Migraines are more than just headaches—they’re debilitating experiences. While some medications can help reduce your suffering, the exact cause of these headaches is poorly understood.
However, some research suggests that migraines may be related to gut health. As such, the measures you take to improve both gut health and migraines may be one and the same. It all centers on what experts call the gut-brain axis.
The gut and the brain are connected through nerves within the gastrointestinal tract, metabolic processes, and endocrine pathways. The neurotransmitters in the gut compose the enteric nervous system (ENS), which handles the various unconscious bodily functions involved in digestion. This system sends signals to your brain, which sends signals back, creating a reciprocal relationship.
In addition, hormones and substances leaving the gut to enter the bloodstream may have an impact on the brain as well. Various studies have established a relationship between the gut and your brain, particularly when it comes to the way gut microbes affect mental health. The better the composition of bacteria in your gut, the healthier your gut will be, which in turn can affect the brain in various ways. Conversely, if your gut’s microbiome is out of balance, it may lead to issues with the brain, including migraines and headaches.
With the gut-brain axis in mind, the potential connection between gut health and migraines becomes a little clearer. While there’s still research to be done in this area, there is some reason to believe that an imbalance in the gut’s microbiome may play a role in migraine headaches. It all comes down to inflammation.
The exact cause of migraines is still not completely understood, but some studies have found that those who experience them may have more inflammation in the brain. For instance, a study published in 2019 used PET/MRI scans to examine the brain during migraine attacks. The results showed an association between migraines and inflammatory triggers resulting from the brain’s immune response. Put simply, inflammation in the brain appears to be linked to migraines.
Inflammation in the brain may result from gut-related issues, namely a condition commonly known as “leaky gut” syndrome. Leaky gut syndrome occurs when the barriers inside the intestines become permeable, allowing substances to pass through into the bloodstream that would normally be blocked from doing so. This can lead to toxins leaking out of the gut into the body, causing an immune response and inflammation.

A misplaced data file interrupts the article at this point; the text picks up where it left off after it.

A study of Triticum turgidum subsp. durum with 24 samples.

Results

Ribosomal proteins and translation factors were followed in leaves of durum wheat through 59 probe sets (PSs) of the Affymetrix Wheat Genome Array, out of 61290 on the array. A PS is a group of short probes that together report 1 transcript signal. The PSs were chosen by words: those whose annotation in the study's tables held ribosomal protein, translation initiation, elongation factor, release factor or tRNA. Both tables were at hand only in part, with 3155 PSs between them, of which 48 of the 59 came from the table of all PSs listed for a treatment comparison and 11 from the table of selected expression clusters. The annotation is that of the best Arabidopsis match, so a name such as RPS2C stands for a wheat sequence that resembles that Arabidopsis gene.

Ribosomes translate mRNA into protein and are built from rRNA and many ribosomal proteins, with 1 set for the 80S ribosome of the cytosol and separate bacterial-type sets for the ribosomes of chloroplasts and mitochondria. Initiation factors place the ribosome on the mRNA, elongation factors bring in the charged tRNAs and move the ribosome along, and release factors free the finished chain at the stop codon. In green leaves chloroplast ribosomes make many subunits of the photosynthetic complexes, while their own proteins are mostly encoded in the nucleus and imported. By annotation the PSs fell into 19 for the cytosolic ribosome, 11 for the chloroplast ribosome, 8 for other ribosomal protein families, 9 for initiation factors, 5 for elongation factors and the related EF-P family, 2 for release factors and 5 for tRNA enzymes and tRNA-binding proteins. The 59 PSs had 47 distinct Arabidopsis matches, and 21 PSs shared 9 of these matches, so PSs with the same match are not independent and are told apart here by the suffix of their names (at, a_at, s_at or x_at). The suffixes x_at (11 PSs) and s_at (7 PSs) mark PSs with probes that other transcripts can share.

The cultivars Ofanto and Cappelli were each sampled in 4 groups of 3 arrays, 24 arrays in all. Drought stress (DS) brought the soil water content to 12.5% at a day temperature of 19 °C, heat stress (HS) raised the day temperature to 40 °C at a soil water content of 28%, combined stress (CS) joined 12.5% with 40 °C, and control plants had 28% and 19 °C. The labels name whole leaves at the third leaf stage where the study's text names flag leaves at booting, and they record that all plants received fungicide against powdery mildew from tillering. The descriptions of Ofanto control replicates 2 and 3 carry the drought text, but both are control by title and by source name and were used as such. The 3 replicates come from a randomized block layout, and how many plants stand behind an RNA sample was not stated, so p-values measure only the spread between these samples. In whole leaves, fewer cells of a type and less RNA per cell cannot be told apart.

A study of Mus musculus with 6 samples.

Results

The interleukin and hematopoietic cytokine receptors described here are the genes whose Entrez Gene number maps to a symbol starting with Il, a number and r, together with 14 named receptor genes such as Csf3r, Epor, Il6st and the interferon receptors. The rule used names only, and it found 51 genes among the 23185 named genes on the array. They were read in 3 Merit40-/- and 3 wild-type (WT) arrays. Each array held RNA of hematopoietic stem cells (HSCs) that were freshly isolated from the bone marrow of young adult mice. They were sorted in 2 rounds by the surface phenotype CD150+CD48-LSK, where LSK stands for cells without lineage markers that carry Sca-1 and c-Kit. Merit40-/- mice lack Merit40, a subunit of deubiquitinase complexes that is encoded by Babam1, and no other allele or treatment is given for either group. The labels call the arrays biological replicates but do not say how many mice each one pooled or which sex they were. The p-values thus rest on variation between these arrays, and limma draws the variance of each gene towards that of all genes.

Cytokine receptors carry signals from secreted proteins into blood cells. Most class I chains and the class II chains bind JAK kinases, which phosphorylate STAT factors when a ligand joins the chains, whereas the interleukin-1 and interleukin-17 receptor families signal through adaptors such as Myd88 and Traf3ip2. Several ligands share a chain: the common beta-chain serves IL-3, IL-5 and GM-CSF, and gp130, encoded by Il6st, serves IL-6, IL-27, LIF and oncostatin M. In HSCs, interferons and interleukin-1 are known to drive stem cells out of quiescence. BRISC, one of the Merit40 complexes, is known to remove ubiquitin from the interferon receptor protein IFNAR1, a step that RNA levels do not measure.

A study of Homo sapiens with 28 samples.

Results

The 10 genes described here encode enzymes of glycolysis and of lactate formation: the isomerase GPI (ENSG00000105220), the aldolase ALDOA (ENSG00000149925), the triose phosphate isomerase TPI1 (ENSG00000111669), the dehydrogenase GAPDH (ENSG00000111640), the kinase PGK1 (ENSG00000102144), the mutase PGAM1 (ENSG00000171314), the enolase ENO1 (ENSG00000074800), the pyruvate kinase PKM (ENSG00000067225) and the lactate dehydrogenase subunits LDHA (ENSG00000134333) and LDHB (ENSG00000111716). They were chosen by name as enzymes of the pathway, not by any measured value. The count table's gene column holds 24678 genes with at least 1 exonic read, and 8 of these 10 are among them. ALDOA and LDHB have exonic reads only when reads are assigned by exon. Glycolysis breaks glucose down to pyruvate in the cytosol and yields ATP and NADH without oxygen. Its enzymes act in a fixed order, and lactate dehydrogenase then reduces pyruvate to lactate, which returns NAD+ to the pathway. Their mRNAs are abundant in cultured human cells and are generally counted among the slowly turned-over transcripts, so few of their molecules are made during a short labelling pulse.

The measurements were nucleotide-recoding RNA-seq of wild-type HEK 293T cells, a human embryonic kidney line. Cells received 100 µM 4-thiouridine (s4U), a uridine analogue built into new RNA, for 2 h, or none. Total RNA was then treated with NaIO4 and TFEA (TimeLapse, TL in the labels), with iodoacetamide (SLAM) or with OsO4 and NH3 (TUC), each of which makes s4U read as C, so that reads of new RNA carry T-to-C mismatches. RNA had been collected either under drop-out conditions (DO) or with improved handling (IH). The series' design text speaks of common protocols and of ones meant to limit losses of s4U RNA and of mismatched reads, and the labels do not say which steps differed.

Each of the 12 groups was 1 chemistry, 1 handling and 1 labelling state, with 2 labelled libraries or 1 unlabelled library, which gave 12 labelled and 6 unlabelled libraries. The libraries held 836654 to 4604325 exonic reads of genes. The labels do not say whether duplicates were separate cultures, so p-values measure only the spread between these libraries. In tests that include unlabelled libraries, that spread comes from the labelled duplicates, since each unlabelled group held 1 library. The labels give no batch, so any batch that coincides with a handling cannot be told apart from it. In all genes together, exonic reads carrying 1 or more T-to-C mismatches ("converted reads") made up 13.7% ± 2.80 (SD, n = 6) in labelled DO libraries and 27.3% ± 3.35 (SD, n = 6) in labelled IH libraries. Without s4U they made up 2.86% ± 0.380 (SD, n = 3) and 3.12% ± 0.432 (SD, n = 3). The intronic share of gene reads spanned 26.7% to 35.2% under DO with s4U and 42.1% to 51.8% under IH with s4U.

Those harmful substances may reach the brain, potentially leading to neuroinflammation and increasing the likelihood of migraine headaches.
There’s a growing body of research showing a correlation between the gut-brain axis and migraines, with various studies showing an association between gut microbiome imbalances, migraines, and other conditions often associated with leakage from the gut. Celiac disease, irritable bowel syndrome (IBS), and Helicobacter pylori infections are all associated with both migraines and leaky gut.
This all begs the question of whether you can really take probiotics for headaches. Research indicates that they could trigger a positive response for individuals who suffer from chronic migraines. For instance, one study found that migraineurs who took multispecies probiotic capsules experienced a “significant reduction” in the severity of their migraines after ten weeks. While more research is needed to confirm the results of this study, the outlook does look promising.
Correcting the balance in your gut may help if you experience frequent migraines. However, it’s important to choose a probiotic with a wide variety of bacterial species, specifically those that support digestive health. A well-rounded probiotic supplement will have everything your gut needs to sustain a healthy balance inside your gut.
All natural ingredients, age-old processes, and a holistic approach are all key when it comes to taking care of your gut. Dr. Ohirra’s probiotic supplements contain 12 distinctive probiotic strains which have been carefully selected to support a healthy gut. Contact Essential Formulas to learn more.
They may temporarily trigger headaches or migraines as they cause your body to eliminate toxins. This shouldn’t last more than a week, however.
There is some evidence that links gut health to migraines. However, more research is needed to fully understand this relationship.